If your air handler makes an odd buzzing or humming noise when the AC or furnace kicks on, the problem might be with the blower capacitor. If the capacitor is bad, the blower may have trouble starting, and it could even burn out. So, it's usually not a good idea to run your HVAC when it's making odd noises. Here's some information about the blower capacitor, what an HVAC repair technician can do to determine if it's bad, and how the technician replaces a bad capacitor.
The Capacitor Helps the Blower Motor Start
The motor has to start the blower from a dead start, and that takes more power than just running the blower. The capacitor supplies the extra power the motor needs to start. The blower capacitor is often housed right on the side of the blower so it's easy to find.
The Blower Capacitor Is Tested With a Multimeter
When the capacitor is bad, the blower motor doesn't get all the power it needs to start up the blower cage, so the blower might be weak, erratic, or not start up at all. However, those signs could also mean the blower motor is bad, so the HVAC repair technician needs to test the capacitor with a multimeter.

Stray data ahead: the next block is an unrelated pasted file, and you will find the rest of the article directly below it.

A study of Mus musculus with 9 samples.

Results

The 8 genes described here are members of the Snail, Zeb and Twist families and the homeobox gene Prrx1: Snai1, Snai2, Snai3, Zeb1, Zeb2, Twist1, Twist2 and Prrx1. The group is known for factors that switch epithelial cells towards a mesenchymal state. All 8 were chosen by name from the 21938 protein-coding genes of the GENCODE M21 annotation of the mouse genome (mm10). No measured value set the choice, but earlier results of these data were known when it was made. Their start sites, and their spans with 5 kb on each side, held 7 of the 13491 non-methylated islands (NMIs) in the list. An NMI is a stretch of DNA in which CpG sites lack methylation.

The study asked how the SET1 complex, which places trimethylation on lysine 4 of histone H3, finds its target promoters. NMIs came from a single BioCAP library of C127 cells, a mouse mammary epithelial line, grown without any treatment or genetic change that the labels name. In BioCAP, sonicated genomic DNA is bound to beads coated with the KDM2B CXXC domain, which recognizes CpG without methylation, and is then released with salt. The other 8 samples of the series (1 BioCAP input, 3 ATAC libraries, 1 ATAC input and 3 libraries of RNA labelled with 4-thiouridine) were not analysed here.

Capacitors differ according to what the equipment requires, so the repair technician has to read the print on the capacitor to see what reading it should give and what the acceptable range is. This lets the HVAC repair technician know for sure if the capacitor is the problem or if the motor is going bad.
A Bad Capacitor Has to Be Replaced
If it turns out the capacitor is bad, the repair technician will replace it with a new one. The technician notes the print on the capacitor again which tells them the exact type of capacitor to use as a replacement. Once the new part is in hand, the technician can take out the old capacitor and put the new one in.
Installing a new capacitor is a fairly easy job, especially if the capacitor is mounted on the blower and is easy to reach. All the installation requires is pulling the wires off the old capacitor and plugging them into the new one.
Once the new capacitor is in place, the HVAC technician can start your equipment and check it for proper operation. Since capacitors may not last as long as the rest of your HVAC, you may need to replace yours before you have to replace your air handler. Capacitors are affordable parts, and they are easy to exchange, so the task isn't as extensive or expensive as replacing some other parts in your HVAC.
For more information on HVAC system repair, contact a company such as Advanced Air Conditioning and Heat.